Old habits die hard.
You can't teach an old dog new tricks.
We are creatures of habit.
We have more than enough sayings and plenty of hard evidence that show just how difficult it is to change old habits and stick with a new ones. But fear not! New habits can be made and eventually become part of your everyday routine.
You may have heard that it takes 21 days to set a new habit. But guess what? It's not true. Well, not exactly true. It can take anywhere from 18 to 254 days to form a new habit, with an average of 66 days, according to more recent research that followed 96 people over 12 weeks. (Source) Here's what else the research revealed: messing up now and then doesn't affect whether or not you can create a new habit!
There's no magic time frame or formula for creating a new habit, like "eating more fruits and vegetables during pregnancy" -- it's a process and you are the one responsible for the work. There are however, several things you can do and strategies you can put in place, to help yourself be more successful with habit building. Take a look at steps you can take to help yourself stick with new healthy pregnancy habits.
How to Create Healthy New Habits in Pregnancy
Start with why. Why are you creating new healthy habits? Your reasons matter. Get specific, write them down, and revisit them often. When you know your "why," you remember why you get up early to exercise or choose a side salad over french fries.
Get specific. Write out your detailed intentions for getting healthy, including the what, where, when, and how. The more specific you are, the more likely you are to follow through because you will have a plan for how you will achieve your habit. For example: "I will eat vegetables with one meal each day, while at work. I will pack a salad or buy a salad at [Nearby Deli]." Also, plan for how you will track your success, which could be as simple as marking an X each day in your calendar.
Plan for changes and flexibility. Of course, there may be days when you forget to pack a lunch and your office has a working lunch with pizza on the menu. In times like this, you don't have to let unexpected changes derail your healthy habit. Create if/then contingencies, like: "If I miss eating a salad at lunch during the workday, I will include a salad with my dinner. "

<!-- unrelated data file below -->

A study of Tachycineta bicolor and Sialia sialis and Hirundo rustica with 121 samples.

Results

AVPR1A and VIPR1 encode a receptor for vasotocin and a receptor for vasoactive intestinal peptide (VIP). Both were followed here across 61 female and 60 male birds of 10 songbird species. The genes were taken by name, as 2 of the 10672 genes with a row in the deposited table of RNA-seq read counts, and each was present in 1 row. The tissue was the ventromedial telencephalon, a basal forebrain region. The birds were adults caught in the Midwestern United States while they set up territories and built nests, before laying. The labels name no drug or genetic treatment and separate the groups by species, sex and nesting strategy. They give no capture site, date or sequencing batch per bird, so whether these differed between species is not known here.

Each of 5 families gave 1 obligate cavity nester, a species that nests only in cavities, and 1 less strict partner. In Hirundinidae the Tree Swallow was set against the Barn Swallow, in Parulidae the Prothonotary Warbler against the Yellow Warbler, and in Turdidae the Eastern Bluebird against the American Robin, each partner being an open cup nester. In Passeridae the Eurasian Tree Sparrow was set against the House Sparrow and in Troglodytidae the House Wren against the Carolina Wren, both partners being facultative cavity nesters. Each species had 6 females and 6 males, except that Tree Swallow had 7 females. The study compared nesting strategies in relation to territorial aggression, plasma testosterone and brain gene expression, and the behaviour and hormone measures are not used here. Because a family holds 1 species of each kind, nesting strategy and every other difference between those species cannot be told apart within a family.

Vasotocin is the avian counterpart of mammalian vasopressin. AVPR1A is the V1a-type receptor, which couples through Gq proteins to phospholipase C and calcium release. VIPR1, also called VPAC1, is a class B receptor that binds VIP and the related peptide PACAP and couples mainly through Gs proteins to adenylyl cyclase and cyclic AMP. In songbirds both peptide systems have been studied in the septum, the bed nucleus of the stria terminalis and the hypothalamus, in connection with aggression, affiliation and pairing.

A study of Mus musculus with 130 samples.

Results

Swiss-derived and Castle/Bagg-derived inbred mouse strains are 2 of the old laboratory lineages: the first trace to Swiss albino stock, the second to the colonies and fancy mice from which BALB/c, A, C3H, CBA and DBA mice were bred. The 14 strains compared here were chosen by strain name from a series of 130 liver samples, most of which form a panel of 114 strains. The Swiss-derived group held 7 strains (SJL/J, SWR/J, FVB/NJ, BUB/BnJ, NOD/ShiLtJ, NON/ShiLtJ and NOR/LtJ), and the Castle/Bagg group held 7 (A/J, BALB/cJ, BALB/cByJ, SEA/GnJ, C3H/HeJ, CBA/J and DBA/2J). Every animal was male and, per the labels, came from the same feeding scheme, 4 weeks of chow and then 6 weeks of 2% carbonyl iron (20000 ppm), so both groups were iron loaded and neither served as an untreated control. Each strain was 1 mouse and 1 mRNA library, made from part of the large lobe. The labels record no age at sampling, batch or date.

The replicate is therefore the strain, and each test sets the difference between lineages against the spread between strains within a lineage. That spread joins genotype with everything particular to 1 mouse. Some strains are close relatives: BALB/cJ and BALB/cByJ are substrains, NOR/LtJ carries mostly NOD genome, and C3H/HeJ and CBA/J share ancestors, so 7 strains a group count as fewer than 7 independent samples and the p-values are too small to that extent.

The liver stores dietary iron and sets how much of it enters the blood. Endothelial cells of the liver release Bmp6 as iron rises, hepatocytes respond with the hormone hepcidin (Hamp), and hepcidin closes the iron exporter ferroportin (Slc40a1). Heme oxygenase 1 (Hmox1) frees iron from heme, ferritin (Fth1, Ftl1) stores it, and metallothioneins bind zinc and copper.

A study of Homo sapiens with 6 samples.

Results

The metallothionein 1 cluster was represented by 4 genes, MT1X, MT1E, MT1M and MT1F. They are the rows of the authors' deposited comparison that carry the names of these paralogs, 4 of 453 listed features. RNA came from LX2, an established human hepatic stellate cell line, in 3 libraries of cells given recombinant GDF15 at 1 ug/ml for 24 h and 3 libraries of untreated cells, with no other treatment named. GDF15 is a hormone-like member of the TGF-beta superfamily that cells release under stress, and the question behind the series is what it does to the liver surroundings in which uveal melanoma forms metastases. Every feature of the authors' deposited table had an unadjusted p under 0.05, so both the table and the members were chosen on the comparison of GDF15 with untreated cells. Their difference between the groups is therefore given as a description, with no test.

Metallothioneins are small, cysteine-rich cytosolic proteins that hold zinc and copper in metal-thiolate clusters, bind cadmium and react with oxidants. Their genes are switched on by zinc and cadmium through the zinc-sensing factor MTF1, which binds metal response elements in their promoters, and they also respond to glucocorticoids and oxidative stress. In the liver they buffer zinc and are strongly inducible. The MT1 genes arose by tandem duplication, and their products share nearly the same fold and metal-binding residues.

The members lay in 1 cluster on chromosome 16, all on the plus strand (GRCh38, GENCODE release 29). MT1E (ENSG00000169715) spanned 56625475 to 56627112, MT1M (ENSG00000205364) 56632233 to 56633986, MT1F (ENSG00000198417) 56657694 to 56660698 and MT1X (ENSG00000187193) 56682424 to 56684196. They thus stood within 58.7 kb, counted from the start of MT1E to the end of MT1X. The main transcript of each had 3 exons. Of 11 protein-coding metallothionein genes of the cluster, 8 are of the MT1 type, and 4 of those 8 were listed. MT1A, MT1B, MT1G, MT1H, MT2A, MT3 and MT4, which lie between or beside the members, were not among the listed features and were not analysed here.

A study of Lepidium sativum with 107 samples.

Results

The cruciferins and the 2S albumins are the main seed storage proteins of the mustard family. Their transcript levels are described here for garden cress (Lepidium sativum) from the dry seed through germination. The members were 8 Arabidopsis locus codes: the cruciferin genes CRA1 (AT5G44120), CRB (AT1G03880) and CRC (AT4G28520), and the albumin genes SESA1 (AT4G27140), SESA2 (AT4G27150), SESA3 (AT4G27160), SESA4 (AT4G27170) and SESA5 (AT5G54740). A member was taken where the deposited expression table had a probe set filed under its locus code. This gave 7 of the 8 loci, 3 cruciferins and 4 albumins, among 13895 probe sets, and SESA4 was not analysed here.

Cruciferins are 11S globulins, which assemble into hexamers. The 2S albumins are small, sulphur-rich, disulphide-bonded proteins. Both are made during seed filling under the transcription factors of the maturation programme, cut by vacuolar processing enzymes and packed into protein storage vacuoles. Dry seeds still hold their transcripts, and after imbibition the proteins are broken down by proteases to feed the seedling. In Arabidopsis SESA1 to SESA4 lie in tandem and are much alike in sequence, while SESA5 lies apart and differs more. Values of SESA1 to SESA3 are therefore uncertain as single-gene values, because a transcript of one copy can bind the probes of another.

Make success easier. What kinds of things do you need to be successful? In the vegetable eating scenario, consider how you will alter your grocery shopping habits, if you have the right reusable containers, what kind of salad dressing you like best, and who you will want to eat with for lunch and where. If your healthy habit is to walk for 20 minutes each day after getting home from work, consider where you will walk, if you will ask someone to join you, if you have comfortable shoes and clothes to wear for exercise, and whether you might enjoy listening to your favorite music, an audio book, or a podcast during your walk.
Buddy up. Reach out to a friend, partner, family member, or neighbor to pair up with your new healthy habits goals. Ideally, find someone who shares similar goals, or at the very least will join you for your walks or share their favorite vegetable recipes. Your accountability partner should be someone that will be willing to check in with you on your progress and who will motivate and encourage you to stay or get back on track.
Tie it to an existing habit. Think of several things you do throughout the day, no matter what. Think of how you might tie your new healthy habit to an existing one. For example, if you already pack a daily lunch and snacks for work, packing a container of raw carrots and cucumber, for example, can easily be added to your habit. If you finish all your veggies at work, add in a piece of dark chocolate to reward yourself.
Reward yourself for smaller achievements. Did you hit one week of eating a salad every day? Treat yourself to a movie or a new book (or something else that you love). Did you hit four weeks straight of eating a salad at least 5 days a week? Go get a massage (or something else that feels "big"). Plan at the beginning of your new habit journey what and how you will reward yourself for meeting your goals. While it's true that the new habit is in itself a reward, we humans tend to be motivated better when we have tangible rewards along the way.
Allow mistakes, forget the guilt. Most likely, you're going to get off track. Nearly everyone does when making big changes. Instead of berating yourself for the mistakes, allow yourself the space to mess up without layering on guilt and self loathing. Admit it, then move on, back in the direction of your original goals.
Creating -- and keeping -- new habits is hard and possible. Arm yourself with the facts and the tools you need to make success within your reach.